We were deep into a Monday night of drinking at Touchdown Club, blasting 90s rap from the jukebox and chasing whiskey shots and dollar Rattlesnakes with Busch. When Destiny arrived to relieve the previous bartender, she approached us and, without hesitation, extended her hand. "Hi, I’m Destiny," she said with a smile. "And you are?"
We challenged her to choose our drinks.
"Destiny will choose our shots!" my friend exclaimed, nudging me with drunken wordplay, a foggy reminder that I was there for a story. "DESTINY WILL CHOOSE OUR SHOTS!" I yelled, as if sheer volume would transfer ownership of the turn-of-phrase. I typed it in my phone’s notepad, misspelling a few of the words.
Another shot was probably a bad idea. It was time to tab out and go home, but it was 17 degrees outside and no one was itching to leave.
Hours earlier, the unassuming dive at Admiral and Yale beckoned us with one of those unwieldy stand-alone marquees, the kind usually found at used-car lots. It blocked the sidewalk and was nearly flush with the building’s exterior, its big, light bulb-laden yellow arrow pointing straight at the front door as if to say "GO HERE. NOW."
The bar was smaller than it looked from the outside. Two pool tables and a handful of high tops competed for the limited floor space. Several digital gambling machines occupied the corners. A microwave and coffee pot sat under a dry-erase board filled with handwritten specials. The space felt hard and lived-in, but the staff was friendly and the regulars tolerated us.
A handful of weathered bikers sat at the bar, eating Pizza Hut and drinking low-point beer.
It was silent inside, save for some chatter and the low drone of the television. We surreptitiously overtook the Internet jukebox through an app that allowed me to anonymously pick the music from my phone. My buddy mischievously suggested Radiohead’s morose, electronic "Everything In Its Right Place." I bought the track and pressed play. The first note, though relatively soft, hit my eardrums like a freight train. The building practically shook from the volume. I winced and forced myself to gauge the room’s reaction. I expected at least a few glares, but no one batted an eye.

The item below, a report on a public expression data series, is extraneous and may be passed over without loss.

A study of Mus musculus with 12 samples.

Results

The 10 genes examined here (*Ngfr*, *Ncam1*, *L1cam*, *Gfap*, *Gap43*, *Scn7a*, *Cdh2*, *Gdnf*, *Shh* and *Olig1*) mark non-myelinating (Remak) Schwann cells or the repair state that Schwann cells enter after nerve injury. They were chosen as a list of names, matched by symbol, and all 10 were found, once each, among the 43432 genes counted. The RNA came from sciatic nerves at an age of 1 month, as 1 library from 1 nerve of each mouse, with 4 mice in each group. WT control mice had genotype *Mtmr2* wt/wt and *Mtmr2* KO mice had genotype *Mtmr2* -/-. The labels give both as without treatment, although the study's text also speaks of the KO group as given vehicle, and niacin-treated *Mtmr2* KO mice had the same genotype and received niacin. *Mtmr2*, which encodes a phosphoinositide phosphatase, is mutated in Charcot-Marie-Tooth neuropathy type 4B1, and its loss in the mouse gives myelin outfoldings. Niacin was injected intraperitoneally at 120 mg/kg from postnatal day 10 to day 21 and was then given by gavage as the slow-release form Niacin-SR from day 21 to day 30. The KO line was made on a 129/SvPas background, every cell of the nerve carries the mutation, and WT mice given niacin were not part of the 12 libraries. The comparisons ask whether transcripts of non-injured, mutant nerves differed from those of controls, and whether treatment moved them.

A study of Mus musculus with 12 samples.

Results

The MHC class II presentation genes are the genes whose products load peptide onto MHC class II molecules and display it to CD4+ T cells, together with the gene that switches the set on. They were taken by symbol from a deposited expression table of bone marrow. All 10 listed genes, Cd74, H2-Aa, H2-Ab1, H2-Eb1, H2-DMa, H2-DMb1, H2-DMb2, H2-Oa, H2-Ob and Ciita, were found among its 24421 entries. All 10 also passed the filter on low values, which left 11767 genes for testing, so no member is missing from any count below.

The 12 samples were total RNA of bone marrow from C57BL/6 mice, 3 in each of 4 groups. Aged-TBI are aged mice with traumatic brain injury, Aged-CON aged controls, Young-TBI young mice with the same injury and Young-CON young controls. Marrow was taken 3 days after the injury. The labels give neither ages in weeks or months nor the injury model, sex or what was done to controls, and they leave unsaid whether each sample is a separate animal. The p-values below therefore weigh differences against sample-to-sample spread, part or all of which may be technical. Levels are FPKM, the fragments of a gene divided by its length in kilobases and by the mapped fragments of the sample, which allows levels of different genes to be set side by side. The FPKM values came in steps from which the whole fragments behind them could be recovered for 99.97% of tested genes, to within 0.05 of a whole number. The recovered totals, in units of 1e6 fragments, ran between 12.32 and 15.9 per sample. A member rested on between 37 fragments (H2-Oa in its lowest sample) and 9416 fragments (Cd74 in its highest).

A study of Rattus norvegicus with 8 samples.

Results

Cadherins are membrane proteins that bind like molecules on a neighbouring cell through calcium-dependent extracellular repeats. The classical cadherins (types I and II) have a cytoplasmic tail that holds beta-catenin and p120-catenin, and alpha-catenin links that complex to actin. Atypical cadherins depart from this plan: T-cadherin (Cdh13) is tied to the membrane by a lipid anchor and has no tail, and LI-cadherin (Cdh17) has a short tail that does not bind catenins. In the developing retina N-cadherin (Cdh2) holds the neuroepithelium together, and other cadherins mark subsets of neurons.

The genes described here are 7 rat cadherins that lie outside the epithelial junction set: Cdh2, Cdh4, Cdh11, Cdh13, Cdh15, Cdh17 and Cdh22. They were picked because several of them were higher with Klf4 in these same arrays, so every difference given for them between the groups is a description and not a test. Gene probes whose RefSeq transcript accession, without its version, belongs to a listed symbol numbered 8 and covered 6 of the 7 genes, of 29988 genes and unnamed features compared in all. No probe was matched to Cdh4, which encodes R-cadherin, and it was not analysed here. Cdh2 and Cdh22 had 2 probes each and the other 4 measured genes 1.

Destiny chose Lunchboxes.The concept of the Lunchbox is ridiculous: it’s beer, orange juice, and amaretto, piled into a pint glass. It’s like an alcoholic eight-year-old’s answer to an Irish Car Bomb, one of those festive, embarrassing things you do only if you’re already sauced. She prepared a round while I quietly, pathetically attempted to rap with Ice Cube.
"No barking from the smog – I mean dogs – no smog –breakfast with no hog… Finally got a call from –shit. I forget." Thankfully, no one paid attention.
We cheers’d and chugged. It was refreshing—if nothing else, a welcome reprieve from the whiskey. The guy next to me watched us, then ordered his own. He took a sip and eyed it suspiciously. "It’s okay, I guess," he told me.
Destiny reclaimed the jukebox and asked another customer to play her favorite Kacey Musgraves song. We tabbed out, thanked her and made our exit.
The hangover was brutal.
My head pounding, I made myself morning promises: no more Lunchboxes, no more Rattlesnakes, no more rapping.